Oftel has told ZDNet that British Telecom is guilty of anti-competitive behaviour pointing the finger at its beleagured unmetered access service, Surftime.
The telecoms watchdog has come in for criticism in the past for not showing enough teeth in its regulation of BT. It has also been criticised for being slow to respond to calls for change in the Internet market, but has repeatedly claimed it needs complaints to investigate specific issues.
That complaint came from would-be Net champion MCI WorldCom, arguing that Surftime needs a wholesale equivalent to allow healthy competition. Following the complaint Oftel ordered BT to get its act together, swiftly.
Significantly Oftel agrees that Surftime is anti-competitive. Worryingly it is only willing to speak openly about the situation once an official complaint has been received.
"We agree with WorldCom that BT should supply a wholesale product," says an Oftel spokesman. In its draft direction, Oftel makes it clear that BT must roll out a wholesale version of Surftime with a "pricing methodology that is reasonable" by June 1.
AOL has long campaigned for cheaper unmetered access and greater competition and believes Oftel has acted correctly. "Oftel has come good and reflected the concerns of the telecoms and Internet industries," says an AOL spokesman. "This is a very significant step forward for every ISP in this country and enables consumers to have true diversity and choice."
AOL agrees that Surftime is "fundamentally anti-competitive" and looks forward to "significantly cheaper costs" on the back of Oftel's ruling.
Oftel is still in consultation with industry about the details of the package but experts predict a variety of Surftime clones from other telcos by the summer.
Surftime has had something of a troubled history: the original version was scrapped following complaints from ISPs. There were more complaints following the hasty rollout of Surftime II on the back of free offers from Alta Vista and ntl. Oftel rebuked BT for this. "Oftel is concerned that other operators were not given sufficient advance notice of these developments by BT. It did not allow them to plan and introduce their own products to compete with Surftime," it says.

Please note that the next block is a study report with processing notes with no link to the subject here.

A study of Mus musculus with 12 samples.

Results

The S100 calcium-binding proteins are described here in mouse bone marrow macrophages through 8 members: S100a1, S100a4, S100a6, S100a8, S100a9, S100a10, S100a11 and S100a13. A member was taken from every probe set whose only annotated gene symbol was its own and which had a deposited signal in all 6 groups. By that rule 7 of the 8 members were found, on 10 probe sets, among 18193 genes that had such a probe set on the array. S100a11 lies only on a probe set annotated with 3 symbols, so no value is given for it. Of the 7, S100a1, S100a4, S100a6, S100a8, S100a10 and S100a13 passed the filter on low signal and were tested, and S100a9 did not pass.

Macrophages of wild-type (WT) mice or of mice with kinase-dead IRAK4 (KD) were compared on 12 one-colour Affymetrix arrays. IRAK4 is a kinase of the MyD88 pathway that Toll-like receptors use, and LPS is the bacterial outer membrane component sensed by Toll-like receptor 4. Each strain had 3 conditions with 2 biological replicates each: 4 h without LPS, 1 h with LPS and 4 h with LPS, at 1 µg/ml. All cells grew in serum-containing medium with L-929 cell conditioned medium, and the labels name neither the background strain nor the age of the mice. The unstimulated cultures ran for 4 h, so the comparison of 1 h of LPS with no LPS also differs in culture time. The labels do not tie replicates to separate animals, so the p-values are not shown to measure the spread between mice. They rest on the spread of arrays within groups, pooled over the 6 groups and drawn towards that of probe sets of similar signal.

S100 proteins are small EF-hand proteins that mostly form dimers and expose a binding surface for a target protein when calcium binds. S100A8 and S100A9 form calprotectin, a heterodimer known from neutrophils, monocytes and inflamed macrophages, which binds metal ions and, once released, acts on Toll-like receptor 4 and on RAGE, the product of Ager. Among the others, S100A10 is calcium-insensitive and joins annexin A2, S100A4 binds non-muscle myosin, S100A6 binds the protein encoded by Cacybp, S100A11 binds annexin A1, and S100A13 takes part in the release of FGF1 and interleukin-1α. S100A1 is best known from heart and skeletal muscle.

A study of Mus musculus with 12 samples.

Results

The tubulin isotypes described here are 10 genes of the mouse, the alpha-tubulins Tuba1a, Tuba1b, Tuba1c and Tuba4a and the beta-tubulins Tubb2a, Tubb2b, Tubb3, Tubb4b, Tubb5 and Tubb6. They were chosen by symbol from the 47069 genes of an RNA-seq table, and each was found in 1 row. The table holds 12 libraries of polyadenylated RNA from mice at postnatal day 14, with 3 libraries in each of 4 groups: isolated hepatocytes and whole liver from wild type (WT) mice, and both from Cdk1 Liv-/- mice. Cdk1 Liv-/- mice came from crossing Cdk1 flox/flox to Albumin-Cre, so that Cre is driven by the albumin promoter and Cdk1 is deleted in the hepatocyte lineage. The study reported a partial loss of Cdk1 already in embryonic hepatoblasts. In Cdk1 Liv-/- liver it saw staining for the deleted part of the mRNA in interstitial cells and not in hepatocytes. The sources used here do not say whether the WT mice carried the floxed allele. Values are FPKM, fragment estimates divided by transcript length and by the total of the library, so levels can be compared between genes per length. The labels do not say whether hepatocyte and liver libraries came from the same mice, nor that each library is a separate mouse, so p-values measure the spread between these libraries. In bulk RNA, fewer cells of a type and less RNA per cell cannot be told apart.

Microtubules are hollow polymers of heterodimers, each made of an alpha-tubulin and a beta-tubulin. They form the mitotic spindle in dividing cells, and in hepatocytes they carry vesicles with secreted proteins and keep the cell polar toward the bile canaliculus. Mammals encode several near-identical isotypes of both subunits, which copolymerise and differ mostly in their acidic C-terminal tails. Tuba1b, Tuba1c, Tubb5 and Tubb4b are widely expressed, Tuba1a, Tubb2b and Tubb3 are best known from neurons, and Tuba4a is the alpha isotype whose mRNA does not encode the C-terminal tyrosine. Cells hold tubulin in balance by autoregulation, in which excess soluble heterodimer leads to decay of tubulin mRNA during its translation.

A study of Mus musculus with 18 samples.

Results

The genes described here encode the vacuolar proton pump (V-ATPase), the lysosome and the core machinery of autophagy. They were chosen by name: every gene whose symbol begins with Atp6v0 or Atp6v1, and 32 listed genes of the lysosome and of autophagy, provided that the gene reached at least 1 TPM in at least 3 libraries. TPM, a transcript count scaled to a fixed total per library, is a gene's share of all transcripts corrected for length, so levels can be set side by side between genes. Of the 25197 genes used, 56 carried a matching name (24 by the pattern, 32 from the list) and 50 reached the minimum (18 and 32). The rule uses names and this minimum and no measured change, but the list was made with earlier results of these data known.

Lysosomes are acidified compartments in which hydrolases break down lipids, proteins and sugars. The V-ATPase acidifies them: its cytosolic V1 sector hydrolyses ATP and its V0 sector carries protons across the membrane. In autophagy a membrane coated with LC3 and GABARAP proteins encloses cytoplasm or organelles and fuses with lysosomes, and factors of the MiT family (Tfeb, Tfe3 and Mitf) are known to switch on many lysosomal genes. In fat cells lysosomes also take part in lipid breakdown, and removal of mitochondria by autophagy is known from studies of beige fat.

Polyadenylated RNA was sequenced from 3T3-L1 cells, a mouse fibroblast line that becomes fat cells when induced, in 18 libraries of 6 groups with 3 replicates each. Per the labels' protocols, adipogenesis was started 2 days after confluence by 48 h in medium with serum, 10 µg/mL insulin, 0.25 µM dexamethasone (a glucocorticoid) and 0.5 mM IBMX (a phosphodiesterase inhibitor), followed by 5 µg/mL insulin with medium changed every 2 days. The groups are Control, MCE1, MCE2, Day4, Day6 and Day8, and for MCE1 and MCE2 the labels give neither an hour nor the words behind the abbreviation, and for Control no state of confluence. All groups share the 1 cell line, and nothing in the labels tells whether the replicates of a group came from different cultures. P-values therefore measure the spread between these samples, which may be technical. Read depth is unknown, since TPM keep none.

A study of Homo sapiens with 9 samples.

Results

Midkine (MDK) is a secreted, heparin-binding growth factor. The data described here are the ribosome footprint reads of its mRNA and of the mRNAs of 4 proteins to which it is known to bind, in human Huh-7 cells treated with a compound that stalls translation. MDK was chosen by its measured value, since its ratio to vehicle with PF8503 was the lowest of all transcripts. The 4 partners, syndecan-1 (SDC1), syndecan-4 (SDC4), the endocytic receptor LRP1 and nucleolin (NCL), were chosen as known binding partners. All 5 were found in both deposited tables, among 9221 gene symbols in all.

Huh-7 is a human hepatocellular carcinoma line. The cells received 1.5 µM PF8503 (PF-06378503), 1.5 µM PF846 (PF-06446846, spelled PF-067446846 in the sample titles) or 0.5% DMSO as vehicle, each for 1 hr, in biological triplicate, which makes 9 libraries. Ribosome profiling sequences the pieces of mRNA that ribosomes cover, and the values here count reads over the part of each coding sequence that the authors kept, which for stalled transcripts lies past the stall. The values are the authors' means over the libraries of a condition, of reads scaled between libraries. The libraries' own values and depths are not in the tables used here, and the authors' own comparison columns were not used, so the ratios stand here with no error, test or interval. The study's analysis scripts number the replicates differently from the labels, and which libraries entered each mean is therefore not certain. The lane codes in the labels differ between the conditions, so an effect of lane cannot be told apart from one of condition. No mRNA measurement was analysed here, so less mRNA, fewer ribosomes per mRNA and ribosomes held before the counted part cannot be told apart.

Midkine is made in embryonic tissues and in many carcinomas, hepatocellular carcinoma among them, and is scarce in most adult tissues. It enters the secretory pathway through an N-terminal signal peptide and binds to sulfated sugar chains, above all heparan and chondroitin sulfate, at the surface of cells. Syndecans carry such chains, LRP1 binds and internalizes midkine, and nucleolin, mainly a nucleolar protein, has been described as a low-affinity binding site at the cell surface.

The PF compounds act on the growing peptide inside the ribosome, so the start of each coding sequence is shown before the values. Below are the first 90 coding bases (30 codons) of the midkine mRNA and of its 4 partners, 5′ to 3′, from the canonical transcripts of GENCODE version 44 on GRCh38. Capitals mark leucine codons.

BT claims it is willing to talk in "principle" about a wholesale version of Surftime, although it believes such a product would put too much strain on its network. It is also concerned that the flat-rate interconnect agreement WorldCom and Oftel is calling for is without precedent. "There is no model for that anywhere in the world and while we are not opposed to it in principle we need to talk about the detail of it," a BT spokesman says.
The telco is submitting a response to Oftel on the issue and is reluctant to discuss the details of this. It remains defiant, claiming a wholesale version of Surftime is already available. "We feel that the building blocks are there for ISPs and other operators to develop their own version of Surftime, " the spokesman says.
AOL's spokesman is not convinced and awaits BT's response. "The ball is in BT's court now," he says.
BT's latest set of 'restructuring' announcements seems they have cottoned on to voice over IP, and are now racing ahead to become dominant in that market. Go with Guy Kewney to read the news comment at AnchorDesk UK.